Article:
Salim bin Hamad bin Abdullah Qassabi, who reportedly died aged 127-years-old
DUBAI: An Oman-based website is claiming the country’s oldest resident died on Tuesday at the impressive age of 127-years-old – that is five years older than Jeanne Calment who was officially verified as the world’s longest living person who died in France in 1997.
It is not uncommon for claims of longevity that, if true, would put the official record breakers to shame.
And if Salim bin Hamad bin Abdullah Qassabi’s story in the Oman Daily Observer is true, then he was born in 1890 in the district of Bahla, south of the Hajjar mountains and close to Nizwa city.
His life would have spanned 13 decades, across three centuries. He would have lived through two world wars, and countless others.
His lifetime would have seen the shifting of international borders, the creation of new countries and the end of empires.
If true, Qassabi was born long before most countries in the Middle East were even created.
During his lifetime there was definitely the creation of technologies that have changed people’s lives forever.
The atom bomb was created and used – with devastating effect. And international travel became common place thanks to the introduction of commercial air travel.
Travel was something Qassabi was familiar with according to the Oman Daily Observer.
He traveled to Zanzibar in 1940, when it was still under British rule, where he remained for 22 years, working in trade and was also said to be supportive of Omani immigrants living there.
The Oman Daily Observer website described him as a man who was known “for his good deeds, tolerance and (for) resolving disputes.”
The report added that he left Zanzibar in 1962 following a coup, and returned to Oman, but two years later traveled to Kuwait where he worked.
He eventually returned to Oman where he spent the rest of his life.
DUBAI: An Oman-based website is claiming the country’s oldest resident died on Tuesday at the impressive age of 127-years-old – that is five years older than Jeanne Calment who was officially verified as the world’s longest living person who died in France in 1997.
It is not uncommon for claims of longevity that, if true, would put the official record breakers to shame.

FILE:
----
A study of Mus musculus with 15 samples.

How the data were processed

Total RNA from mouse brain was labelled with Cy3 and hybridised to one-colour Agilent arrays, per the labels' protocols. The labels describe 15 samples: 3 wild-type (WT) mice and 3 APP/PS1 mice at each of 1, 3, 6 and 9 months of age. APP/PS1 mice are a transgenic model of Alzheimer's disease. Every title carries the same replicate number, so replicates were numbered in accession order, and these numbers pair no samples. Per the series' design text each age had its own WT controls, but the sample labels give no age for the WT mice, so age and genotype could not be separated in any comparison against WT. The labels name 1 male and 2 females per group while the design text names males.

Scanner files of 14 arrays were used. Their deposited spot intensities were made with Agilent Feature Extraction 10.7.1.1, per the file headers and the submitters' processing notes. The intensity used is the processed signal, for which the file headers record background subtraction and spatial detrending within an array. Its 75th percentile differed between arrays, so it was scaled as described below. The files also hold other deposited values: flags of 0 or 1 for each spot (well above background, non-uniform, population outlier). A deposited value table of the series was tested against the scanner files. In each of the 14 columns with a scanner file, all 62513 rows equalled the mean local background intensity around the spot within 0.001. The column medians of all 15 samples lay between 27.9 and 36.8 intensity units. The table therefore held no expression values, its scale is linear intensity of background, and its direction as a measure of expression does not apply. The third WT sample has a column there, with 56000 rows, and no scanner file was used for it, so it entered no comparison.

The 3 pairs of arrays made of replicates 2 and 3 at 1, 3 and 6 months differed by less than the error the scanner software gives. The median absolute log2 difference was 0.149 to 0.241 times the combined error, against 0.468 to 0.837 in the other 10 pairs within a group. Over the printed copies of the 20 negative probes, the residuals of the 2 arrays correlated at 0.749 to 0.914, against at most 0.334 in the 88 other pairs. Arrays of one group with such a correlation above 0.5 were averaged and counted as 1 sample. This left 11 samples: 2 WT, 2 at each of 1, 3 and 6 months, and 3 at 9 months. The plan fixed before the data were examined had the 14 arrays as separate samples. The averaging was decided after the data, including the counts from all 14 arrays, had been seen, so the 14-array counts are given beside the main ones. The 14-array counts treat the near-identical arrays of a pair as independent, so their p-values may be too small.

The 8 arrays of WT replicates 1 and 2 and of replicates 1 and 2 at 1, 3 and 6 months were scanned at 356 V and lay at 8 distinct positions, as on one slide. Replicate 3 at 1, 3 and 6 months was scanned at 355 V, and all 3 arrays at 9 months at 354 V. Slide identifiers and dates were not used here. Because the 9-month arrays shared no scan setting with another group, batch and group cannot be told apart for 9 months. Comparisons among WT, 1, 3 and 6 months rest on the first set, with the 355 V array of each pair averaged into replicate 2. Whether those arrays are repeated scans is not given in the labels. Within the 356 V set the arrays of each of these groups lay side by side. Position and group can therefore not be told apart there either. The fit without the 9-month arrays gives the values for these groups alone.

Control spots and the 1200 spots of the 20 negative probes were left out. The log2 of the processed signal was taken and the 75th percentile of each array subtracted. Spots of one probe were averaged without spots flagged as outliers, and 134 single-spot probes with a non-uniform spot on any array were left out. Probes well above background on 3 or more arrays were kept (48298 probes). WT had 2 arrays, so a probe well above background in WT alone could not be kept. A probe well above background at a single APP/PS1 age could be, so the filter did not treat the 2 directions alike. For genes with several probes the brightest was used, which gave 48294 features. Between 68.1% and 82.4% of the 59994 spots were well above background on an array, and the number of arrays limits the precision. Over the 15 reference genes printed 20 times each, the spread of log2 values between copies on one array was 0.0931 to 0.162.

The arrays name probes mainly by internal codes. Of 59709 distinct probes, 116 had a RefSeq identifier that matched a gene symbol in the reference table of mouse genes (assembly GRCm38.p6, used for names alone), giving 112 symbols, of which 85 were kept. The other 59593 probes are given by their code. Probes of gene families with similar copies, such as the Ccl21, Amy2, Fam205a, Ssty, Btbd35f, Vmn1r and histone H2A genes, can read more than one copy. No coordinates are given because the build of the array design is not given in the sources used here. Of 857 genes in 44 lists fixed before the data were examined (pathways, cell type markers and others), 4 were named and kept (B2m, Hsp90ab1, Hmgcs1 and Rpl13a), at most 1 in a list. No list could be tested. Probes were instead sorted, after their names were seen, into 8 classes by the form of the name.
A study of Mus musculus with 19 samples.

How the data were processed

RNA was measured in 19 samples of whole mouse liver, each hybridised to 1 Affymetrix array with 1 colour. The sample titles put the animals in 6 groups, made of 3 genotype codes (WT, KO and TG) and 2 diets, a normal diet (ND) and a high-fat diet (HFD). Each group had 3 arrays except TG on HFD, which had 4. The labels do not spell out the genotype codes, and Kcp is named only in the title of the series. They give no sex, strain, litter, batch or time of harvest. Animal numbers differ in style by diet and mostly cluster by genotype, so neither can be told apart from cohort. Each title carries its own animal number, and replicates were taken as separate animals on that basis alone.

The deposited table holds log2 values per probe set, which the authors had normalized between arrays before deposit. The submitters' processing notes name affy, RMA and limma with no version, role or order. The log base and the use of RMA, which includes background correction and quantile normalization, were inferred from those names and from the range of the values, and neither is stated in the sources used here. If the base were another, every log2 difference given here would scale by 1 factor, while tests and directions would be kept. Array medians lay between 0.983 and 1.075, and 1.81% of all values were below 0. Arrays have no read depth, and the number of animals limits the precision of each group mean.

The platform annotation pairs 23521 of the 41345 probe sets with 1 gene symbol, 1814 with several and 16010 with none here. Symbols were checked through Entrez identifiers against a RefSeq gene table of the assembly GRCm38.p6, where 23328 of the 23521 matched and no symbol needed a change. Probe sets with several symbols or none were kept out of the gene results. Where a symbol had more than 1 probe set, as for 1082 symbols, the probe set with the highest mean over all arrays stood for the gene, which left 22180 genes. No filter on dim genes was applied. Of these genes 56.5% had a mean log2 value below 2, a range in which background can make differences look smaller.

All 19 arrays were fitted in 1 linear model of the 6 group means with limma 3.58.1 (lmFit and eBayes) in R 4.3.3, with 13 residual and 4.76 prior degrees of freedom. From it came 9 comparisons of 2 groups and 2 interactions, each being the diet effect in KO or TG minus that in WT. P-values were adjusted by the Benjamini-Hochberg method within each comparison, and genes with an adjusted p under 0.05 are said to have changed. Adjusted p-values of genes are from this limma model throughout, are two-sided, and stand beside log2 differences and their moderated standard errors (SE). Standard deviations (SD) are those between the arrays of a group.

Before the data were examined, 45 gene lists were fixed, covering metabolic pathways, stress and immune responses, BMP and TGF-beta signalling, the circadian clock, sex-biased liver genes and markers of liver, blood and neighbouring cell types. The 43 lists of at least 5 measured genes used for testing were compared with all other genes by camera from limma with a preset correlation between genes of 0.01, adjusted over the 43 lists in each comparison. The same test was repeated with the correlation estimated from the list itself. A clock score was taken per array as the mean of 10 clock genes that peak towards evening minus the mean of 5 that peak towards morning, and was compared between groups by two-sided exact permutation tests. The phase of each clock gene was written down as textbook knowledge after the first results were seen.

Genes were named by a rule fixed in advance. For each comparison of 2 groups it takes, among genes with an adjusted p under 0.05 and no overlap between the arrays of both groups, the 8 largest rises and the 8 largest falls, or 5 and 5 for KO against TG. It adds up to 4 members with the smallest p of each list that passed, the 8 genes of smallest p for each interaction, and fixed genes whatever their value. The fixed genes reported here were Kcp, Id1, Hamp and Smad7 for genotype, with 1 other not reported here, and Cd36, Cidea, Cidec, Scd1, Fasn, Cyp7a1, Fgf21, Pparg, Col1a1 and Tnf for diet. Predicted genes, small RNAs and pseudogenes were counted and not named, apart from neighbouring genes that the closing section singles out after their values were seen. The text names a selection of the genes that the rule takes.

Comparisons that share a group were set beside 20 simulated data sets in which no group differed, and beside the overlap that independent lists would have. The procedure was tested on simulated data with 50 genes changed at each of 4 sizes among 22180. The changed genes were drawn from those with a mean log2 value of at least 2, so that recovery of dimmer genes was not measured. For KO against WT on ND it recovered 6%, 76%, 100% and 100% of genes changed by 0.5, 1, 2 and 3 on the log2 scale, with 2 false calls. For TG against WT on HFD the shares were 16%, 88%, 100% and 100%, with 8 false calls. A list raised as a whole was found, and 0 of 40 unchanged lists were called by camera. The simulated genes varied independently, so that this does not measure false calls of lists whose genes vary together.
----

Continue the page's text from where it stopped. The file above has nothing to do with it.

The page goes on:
And if Salim bin Hamad bin Abdullah Qassabi’s story in the Oman Daily Observer is true, then he was born in 1890 in the district of Bahla, south of the Hajjar mountains and close to Nizwa city.
His life would have spanned 13 decades, across three centuries. He would have lived through two world wars, and countless others.
His lifetime would have seen the shifting of international borders, the creation of new countries and the end of empires.
If true, Qassabi was born long before most countries in the Middle East were even created.
During his lifetime there was definitely the creation of technologies that have changed people’s lives forever.
The atom bomb was created and used – with devastating effect. And international travel became common place thanks to the introduction of commercial air travel.
Travel was something Qassabi was familiar with according to the Oman Daily Observer.
He traveled to Zanzibar in 1940, when it was still under British rule, where he remained for 22 years, working in trade and was also said to be supportive of Omani immigrants living there.
The Oman Daily Observer website described him as a man who was known “for his good deeds, tolerance and (for) resolving disputes.”
The report added that he left Zanzibar in 1962 following a coup, and returned to Oman, but two years later traveled to Kuwait where he worked.
He eventually returned to Oman where he spent the rest of his life.